January 22, 2006
How to Turn Down the After-Work Party
By MATT VILLANO
Q. Your colleagues often end workdays with get-togethers at a local watering hole. You don't oppose the outings, but you'd rather go home to your family. Can you decline without seeming like a killjoy?
A. As much as you'd like to think that personal time is personal, skipping after-work soirees may give colleagues the wrong idea. Maximillian Wachtel, owner of Cherry Creek Psychology, a psychology practice in Denver, says that in many companies, colleagues see willingness to socialize as a sign of interest in being part of the team.
"It really is important to foster a sense of loyalty and teamwork," Dr. Wachtel said. "Depending on what your role is, it can be very important to let your co-workers know you want to be a part of the corporate family."
Q. Can employers force employees to participate in such events?
A. Employers cannot legally require employees to participate in after-hours activities if they have already worked an eight-hour day.
Alan S. Kopit, a partner at Hahn Loeser & Parks, a law firm in Cleveland, added that when alcohol is involved, many companies try to distance themselves from the get-togethers.
Mr. Kopit, who is also legal editor for Lawyers.com, cited "dram shop" laws in some states that hold bars and the organizers of social events liable under certain circumstances if an employee is hurt at an after-hours event.
Q. What's the benefit of socializing with your colleagues outside of work?
A. It can help you get to know one another better. And John Seeley, president of Blue Moon Wonders, an executive coaching company in Newport Beach, Calif., says that attending happy hours can be a good way to get ahead, especially if high-ranking executives are present.
"Most employees don't get a lot of face time with the big bosses," Mr. Seeley said. "Making a good impression outside of work might be the difference when you're up for that next promotion."
Q. Is there a way to show support for these outings without becoming a regular fixture?
A. You don't have to stay long, and you don't have to drink alcohol. Some employees try to make a good impression at these events but end up doing things they regret, Mr. Seeley said. "When you're dancing on the tables," he said, "you've taken it too far."
Even if you can't attend weeknight happy hours, there are ways to show colleagues that you care. Before the event, inquire about what you will miss. Afterward, ask for details about how it went. J. Leslie McKeown, president and chief executive of Evna, an employee development company in Marblehead, Mass., takes his interest a step further.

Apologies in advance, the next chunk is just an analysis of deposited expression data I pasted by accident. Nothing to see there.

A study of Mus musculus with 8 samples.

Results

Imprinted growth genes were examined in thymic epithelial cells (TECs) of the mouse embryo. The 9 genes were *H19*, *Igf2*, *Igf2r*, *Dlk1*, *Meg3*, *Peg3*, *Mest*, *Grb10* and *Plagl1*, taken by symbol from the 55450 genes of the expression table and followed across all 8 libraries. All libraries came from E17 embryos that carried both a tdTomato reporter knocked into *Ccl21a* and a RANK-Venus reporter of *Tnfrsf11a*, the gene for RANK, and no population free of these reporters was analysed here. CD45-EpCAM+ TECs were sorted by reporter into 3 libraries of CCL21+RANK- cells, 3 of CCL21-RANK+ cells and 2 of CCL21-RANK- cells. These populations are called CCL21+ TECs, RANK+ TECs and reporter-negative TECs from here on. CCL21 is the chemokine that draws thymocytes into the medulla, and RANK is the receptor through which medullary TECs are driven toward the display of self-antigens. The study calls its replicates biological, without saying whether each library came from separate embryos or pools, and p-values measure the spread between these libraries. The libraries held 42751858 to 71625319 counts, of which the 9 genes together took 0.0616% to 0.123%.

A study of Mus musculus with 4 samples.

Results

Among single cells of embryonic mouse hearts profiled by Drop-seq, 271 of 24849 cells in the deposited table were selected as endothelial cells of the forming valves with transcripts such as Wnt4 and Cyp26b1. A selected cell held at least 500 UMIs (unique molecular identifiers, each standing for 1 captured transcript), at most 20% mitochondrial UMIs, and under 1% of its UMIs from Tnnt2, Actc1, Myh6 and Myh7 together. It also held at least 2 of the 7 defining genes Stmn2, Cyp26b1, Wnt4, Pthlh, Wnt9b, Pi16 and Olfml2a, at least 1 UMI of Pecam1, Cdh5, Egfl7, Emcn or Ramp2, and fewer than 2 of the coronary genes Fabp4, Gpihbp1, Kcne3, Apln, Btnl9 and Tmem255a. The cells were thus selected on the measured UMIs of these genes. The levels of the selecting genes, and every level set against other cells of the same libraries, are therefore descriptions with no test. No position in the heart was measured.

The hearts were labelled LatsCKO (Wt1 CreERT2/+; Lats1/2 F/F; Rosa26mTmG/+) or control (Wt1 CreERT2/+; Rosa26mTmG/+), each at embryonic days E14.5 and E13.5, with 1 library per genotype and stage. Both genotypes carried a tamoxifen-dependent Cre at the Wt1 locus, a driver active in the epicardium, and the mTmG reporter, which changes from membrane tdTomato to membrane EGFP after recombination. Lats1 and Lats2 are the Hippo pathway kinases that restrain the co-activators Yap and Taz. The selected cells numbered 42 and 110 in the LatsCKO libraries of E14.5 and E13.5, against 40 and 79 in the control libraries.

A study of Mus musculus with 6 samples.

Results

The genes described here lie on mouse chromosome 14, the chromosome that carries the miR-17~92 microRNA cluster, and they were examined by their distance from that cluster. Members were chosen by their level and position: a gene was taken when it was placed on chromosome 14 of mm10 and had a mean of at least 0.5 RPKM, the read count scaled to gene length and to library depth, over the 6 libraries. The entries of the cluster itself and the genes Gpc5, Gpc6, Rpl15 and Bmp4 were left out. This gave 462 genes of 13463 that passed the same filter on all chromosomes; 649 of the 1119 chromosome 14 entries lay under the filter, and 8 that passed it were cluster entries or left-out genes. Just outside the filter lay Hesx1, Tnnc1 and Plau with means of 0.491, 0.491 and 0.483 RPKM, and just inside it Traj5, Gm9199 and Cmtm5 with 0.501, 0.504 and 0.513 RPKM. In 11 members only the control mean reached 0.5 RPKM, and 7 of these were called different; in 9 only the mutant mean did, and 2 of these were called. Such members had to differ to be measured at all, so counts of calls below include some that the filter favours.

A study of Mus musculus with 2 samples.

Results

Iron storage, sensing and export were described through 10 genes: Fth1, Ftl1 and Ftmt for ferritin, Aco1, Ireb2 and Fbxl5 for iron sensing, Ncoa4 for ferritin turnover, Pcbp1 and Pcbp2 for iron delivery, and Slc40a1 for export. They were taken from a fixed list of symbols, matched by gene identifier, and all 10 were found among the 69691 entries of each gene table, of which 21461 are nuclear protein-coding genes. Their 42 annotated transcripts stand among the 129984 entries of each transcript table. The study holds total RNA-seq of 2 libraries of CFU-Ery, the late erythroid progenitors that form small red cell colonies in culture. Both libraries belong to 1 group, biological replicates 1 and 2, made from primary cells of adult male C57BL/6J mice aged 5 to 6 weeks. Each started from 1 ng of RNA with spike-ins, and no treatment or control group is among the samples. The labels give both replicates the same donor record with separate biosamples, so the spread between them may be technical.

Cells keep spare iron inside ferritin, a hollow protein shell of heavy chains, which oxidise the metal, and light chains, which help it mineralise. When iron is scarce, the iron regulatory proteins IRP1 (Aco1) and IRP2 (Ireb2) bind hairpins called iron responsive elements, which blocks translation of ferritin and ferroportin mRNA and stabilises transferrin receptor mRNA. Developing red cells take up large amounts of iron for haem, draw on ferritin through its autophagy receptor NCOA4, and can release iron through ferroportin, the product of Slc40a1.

When Mr. McKeown knows that he can't join an after-work party, he heads to the bar ahead of time and leaves money with the bartender to buy the first round of drinks.
"People are so surprised by this gesture," he said. "The next day they treat me as if I'd been there myself."
Q. If you choose not to go, do you need to explain why?
A. Don't ignore the invitation. Decline graciously. It is not necessary to make excuses for why you cannot attend, but if you do, truthful and apologetic explanations work best.
"Be clear about your reasons for not going," said Karissa Thacker, president of Strategic Performance Solutions, a management consulting firm in Rehoboth Beach, Del.
"As opposed to saying, 'Family is my most important value,' " she said, "tell fun stories about your kids and be specific about what you're going home to do with them."
A little explanation goes a long way. James Forte, public relations manager at Campbell Alliance, a pharmaceutical management consulting firm in Raleigh, N.C., learned this firsthand late last year when he and his wife had their first child. Before the baby's arrival, Mr. Forte, 28, had been a regular at company happy hours. With a newborn at home, however, he suddenly had different priorities.
"I declined by saying, 'I want to go home to spend time with my new son,' or 'I want to go home and relieve my wife of her baby-sitting duties,' " Mr. Forte said.
Q. Once you bow out, what kind of treatment can you expect from co-workers?
A. If you decline politely once or twice, people are not likely to notice. By bailing out six or seven times, however, you may alienate some co-workers.
Although his co-workers seemed to understand his reasons for not joining them, Mr. Forte said that after he repeatedly bowed out of after-work functions, his colleagues stopped inviting him. Even though he could not attend the events, he said he felt ostracized by not receiving invitations.
"I've had to work extra hard to be friendly and show them I'm not antisocial," he said.
In some workplaces, employees playfully chide co-workers for not attending after-work get-togethers. Ordinarily, this ribbing is harmless; in rare cases, however, employees can take it too far.